1
[ rag ]
/ ræg /

noun

    chew the rag. chew (def. 11).
    from rags to riches, from extreme poverty to great wealth: He went from rags to riches in only three years.

Origin of rag

1
First recorded in 1275–1325; Middle English ragge, from Scandinavian; compare Norwegian, Swedish ragg “coarse hair,” from Old Norse rǫgg

Other definitions for rag (2 of 4)

rag2
[ rag ]
/ ræg /
Informal.

verb (used without object) ragged, rag·ging.
to subject a person to teasing or scolding, especially in an intense or prolonged way (usually followed by on): Some of the boys were ragging on him about his haircut.
to criticize a person or thing (usually followed by on): He rags and whines to me instead of fixing the problem.I wish reviewers would stop ragging on the movie.
verb (used with object), ragged, rag·ging.
to subject to teasing or scolding, especially in an intense or prolonged way: He was ragged at school for not joining a sports team.
British. to torment with jokes; play crude practical jokes on.
noun
British. an act of ragging; a cruel or crude practical joke.

Origin of rag

2
First recorded in 1735–40; origin uncertain

Other definitions for rag (3 of 4)

rag3
[ rag ]
/ ræg /

verb (used with object), ragged, rag·ging.
to break up (lumps of ore) for sorting.

Origin of rag

3
First recorded in 1870–75; origin uncertain

Other definitions for rag (4 of 4)

rag4
[ rag ]
/ ræg /

noun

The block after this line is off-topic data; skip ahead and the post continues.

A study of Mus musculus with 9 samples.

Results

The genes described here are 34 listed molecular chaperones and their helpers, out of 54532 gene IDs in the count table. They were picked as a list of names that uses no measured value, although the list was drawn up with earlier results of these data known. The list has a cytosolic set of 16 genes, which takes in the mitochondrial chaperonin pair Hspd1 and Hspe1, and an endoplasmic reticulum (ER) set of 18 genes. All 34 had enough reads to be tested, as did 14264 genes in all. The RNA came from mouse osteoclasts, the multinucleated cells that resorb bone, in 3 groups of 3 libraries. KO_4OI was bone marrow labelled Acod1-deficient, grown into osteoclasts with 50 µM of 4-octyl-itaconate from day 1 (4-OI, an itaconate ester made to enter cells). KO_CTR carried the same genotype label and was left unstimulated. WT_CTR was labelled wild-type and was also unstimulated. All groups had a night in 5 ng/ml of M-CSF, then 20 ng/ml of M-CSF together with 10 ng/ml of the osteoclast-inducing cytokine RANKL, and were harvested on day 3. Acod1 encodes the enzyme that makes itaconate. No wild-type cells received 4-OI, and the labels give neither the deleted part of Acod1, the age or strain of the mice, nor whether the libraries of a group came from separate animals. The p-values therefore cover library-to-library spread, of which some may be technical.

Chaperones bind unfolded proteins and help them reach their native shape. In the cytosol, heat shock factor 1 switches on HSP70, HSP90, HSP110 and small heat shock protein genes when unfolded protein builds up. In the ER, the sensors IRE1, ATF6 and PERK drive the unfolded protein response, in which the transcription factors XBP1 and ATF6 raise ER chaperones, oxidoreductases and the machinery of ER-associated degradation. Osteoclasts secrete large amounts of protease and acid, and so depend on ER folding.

a musical composition in ragtime: a piano rag.
verb (used with object), ragged, rag·ging.
to play (music) in ragtime.

Origin of rag

4
First recorded in 1895–1900; shortened form of ragtime
Dictionary.com Unabridged Based on the Random House Unabridged Dictionary, © Random House, Inc. 2021

How to use rag in a sentence

British Dictionary definitions for rag (1 of 4)

rag1
/ (ræɡ) /

noun
See also rags

Word Origin for rag

C14: probably back formation from ragged, from Old English raggig; related to Old Norse rögg tuft

British Dictionary definitions for rag (2 of 4)

rag2
/ (ræɡ) /

verb rags, ragging or ragged (tr)
to draw attention facetiously and persistently to the shortcomings or alleged shortcomings of (a person)
British to play rough practical jokes on
noun
British a boisterous practical joke, esp one on a fellow student
(in British universities)
  1. a period, usually a week, in which various events are organized to raise money for charity, including a procession of decorated floats and tableaux
  2. (as modifier)rag day

Word Origin for rag

C18: of uncertain origin

British Dictionary definitions for rag (3 of 4)

rag3
/ (ræɡ) jazz /

noun
a piece of ragtime music
verb rags, ragging or ragged
(tr) to compose or perform in ragtime

Word Origin for rag

C20: shortened from ragtime

British Dictionary definitions for rag (4 of 4)

rag4
/ (ræɡ) /

noun
a roofing slate that is rough on one side

Word Origin for rag

C13: of obscure origin
Collins English Dictionary - Complete & Unabridged 2012 Digital Edition © William Collins Sons & Co. Ltd. 1979, 1986 © HarperCollins Publishers 1998, 2000, 2003, 2005, 2006, 2007, 2009, 2012

Other Idioms and Phrases with rag

rag

The American Heritage® Idioms Dictionary Copyright © 2002, 2001, 1995 by Houghton Mifflin Harcourt Publishing Company. Published by Houghton Mifflin Harcourt Publishing Company.